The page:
April is Financial Capability Month, and that is prompting some interesting conversations about what it takes to build economic stability. LISC’s Seung Kim knows how challenging that can be. She's spent more than a decade helping low-income people improve their financial outlook and writes persuasively about how Financial Opportunity Centers are giving people the tools they need to succeed.
The national conversation about economic inequality paints a pretty dire picture. And, given that I have spent many years focused on the challenges of the working poor, you might think my outlook is equally bleak.
But it’s not. I’ve had the opportunity to see first-hand how families can turn the corner. They boost their cash flow, despite years of struggle. They improve their credit scores, even on limited incomes. And they build their assets, even if it takes years to develop the skills they need for better jobs and stronger money management. All of that helps them stabilize their long-term financial outlook and, in the process, helps improve the prospects of the communities where they live.
Nothing about it is simple, and the process looks a little different for everyone. But, I firmly believe that financial capability is possible for all individuals, no matter how difficult their personal history might be.
Before I joined LISC, I had the great fortune of working as a financial coach at one of LISC’s first Financial Opportunity Centers (FOCs), on the West Side of Chicago. FOC programs are operated by community-based nonprofits and offer a bundled set of services focused on employment, financial coaching and income supports (access to public benefits) that together help clients change their financial outlook.
It was a remarkable personal journey for me to work with these families. Many are better off today because of the persistence they showed in building employment skills and financial capabilities. Years later, they are making better financial decisions, working at better jobs, sending their kids to college and saving for the future.
That experience is being replicated with tens of thousands of people in 76 FOCs all over the country. That’s why LISC is so committed to this model. It gives people the chance to pull themselves up, even from deep-seated poverty.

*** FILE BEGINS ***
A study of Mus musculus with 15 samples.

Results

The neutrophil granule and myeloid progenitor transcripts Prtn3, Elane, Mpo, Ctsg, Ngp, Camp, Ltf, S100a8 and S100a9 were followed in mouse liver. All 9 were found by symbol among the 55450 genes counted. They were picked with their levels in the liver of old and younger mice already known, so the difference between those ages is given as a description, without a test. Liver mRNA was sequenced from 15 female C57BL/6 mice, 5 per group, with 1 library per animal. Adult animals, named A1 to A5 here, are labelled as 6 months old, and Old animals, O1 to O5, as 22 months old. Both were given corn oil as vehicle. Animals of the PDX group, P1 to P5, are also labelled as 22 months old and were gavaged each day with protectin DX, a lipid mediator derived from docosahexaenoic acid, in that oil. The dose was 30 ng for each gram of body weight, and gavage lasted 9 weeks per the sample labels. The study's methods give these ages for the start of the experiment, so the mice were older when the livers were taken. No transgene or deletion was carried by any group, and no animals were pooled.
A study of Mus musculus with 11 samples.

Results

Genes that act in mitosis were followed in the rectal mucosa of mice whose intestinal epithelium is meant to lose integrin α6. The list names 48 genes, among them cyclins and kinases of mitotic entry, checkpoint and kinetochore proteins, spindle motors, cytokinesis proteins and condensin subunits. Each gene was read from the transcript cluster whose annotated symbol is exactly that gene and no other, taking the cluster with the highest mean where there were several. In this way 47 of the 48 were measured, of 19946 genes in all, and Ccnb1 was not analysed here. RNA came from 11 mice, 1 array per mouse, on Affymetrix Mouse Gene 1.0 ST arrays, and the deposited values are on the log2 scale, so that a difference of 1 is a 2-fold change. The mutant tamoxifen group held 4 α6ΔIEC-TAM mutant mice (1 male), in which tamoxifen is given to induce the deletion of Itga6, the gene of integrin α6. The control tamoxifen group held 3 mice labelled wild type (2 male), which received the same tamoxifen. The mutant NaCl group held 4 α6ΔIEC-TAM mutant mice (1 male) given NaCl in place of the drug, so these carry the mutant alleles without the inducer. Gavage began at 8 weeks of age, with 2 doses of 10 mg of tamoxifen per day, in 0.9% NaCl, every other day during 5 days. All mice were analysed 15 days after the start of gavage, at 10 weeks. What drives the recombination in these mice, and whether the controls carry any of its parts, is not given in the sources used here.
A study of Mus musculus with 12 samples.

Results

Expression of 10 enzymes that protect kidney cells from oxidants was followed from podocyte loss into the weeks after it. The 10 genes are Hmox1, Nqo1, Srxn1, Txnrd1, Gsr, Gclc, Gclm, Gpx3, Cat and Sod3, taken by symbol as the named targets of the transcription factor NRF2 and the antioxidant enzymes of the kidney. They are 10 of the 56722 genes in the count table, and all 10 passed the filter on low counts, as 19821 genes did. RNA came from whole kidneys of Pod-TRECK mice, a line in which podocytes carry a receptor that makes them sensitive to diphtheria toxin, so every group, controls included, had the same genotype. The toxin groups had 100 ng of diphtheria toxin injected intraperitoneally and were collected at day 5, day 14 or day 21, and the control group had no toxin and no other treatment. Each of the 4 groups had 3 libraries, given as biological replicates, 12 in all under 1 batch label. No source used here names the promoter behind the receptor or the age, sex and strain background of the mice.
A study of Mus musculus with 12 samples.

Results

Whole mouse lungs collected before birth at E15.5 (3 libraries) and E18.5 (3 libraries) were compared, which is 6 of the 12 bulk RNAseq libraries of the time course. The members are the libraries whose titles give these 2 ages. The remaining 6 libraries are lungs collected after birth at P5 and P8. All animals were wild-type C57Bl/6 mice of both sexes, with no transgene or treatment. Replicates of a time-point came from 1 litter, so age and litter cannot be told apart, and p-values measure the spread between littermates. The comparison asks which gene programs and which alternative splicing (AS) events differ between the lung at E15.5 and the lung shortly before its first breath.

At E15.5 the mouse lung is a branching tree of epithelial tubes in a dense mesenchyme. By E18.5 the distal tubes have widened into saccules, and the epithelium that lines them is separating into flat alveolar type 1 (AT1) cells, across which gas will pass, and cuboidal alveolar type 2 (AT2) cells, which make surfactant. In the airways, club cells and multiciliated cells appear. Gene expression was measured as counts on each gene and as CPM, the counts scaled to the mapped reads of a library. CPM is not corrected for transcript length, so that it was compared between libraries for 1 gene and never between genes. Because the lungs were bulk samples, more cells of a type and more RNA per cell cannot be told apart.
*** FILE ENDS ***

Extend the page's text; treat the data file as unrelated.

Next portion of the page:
In fact, a new study released this month points to notable financial gains in employment and net income for FOC clients who took advantage of this integrated services approach. The data show what I saw every day: people earn more, save more and live better—and they can sustain those gains.
Certainly, not everyone who walks through the doors of an FOC is transformed. Over the years, I have noticed three consistent markers of who is most likely to succeed:
We shouldn’t underestimate how difficult all three of those are for people who have spent years struggling to manage expenses that outstrip earnings, or work their way up from a minimum wage job, or bounce back from homelessness, disability or incarceration. That’s why coaching is so important—while policymakers and advocates work diligently to build a more inclusive economy, FOC coaches are working just as hard to help their communities navigate the economy we have today.
Importantly, coaches step beyond a traditional case management or social services approach: Our clients are not broken, and it is not our job to fix them. Instead, coaches listen, teach and offer moral support. They are, most of all, pragmatic, recognizing that life crises can upend even steady progress and offering referrals to specialized providers that can help when such things as illness or addiction overwhelm a client. Anyone—absolutely anyone—can be coached as long as they really want it. It’s as much about an individual’s self-awareness, determination, and resilience as it is anything else.
One client’s persistence struck me so much that I connected her with my former employer—an institutional investment firm—where she was hired as an administrative assistant at a raise from her $10 an hour job as a secretary.
We worked with her to expand her skills and her confidence. At first, as her income increased, she was distressed at losing public benefits, which she had relied on heavily in the past to help feed her family. This is a difficult reality that many of our clients face. But, in this case, raises and bonuses more than compensated for the loss.
That was eight years ago. Since then, this single mom has sent her children to college, cheered as they graduated, and watched with pride as they went out into the workforce. She broke out of what could have been an ongoing cycle of poverty for her family.
ABOUT THE AUTHOR
Seung Kim, Director for Financial Stability
Seung helps LISC offices throughout the country design and establish Financial Opportunity Centers. She also leads her team to implement and test innovative initiatives such as Bridges to Career Opportunities, with a strong focus on outcomes measurement. Prior to joining our national staff in 2012, Seung was a consultant for LISC Chicago’s Centers for Working Families and worked with the national office on FOCs.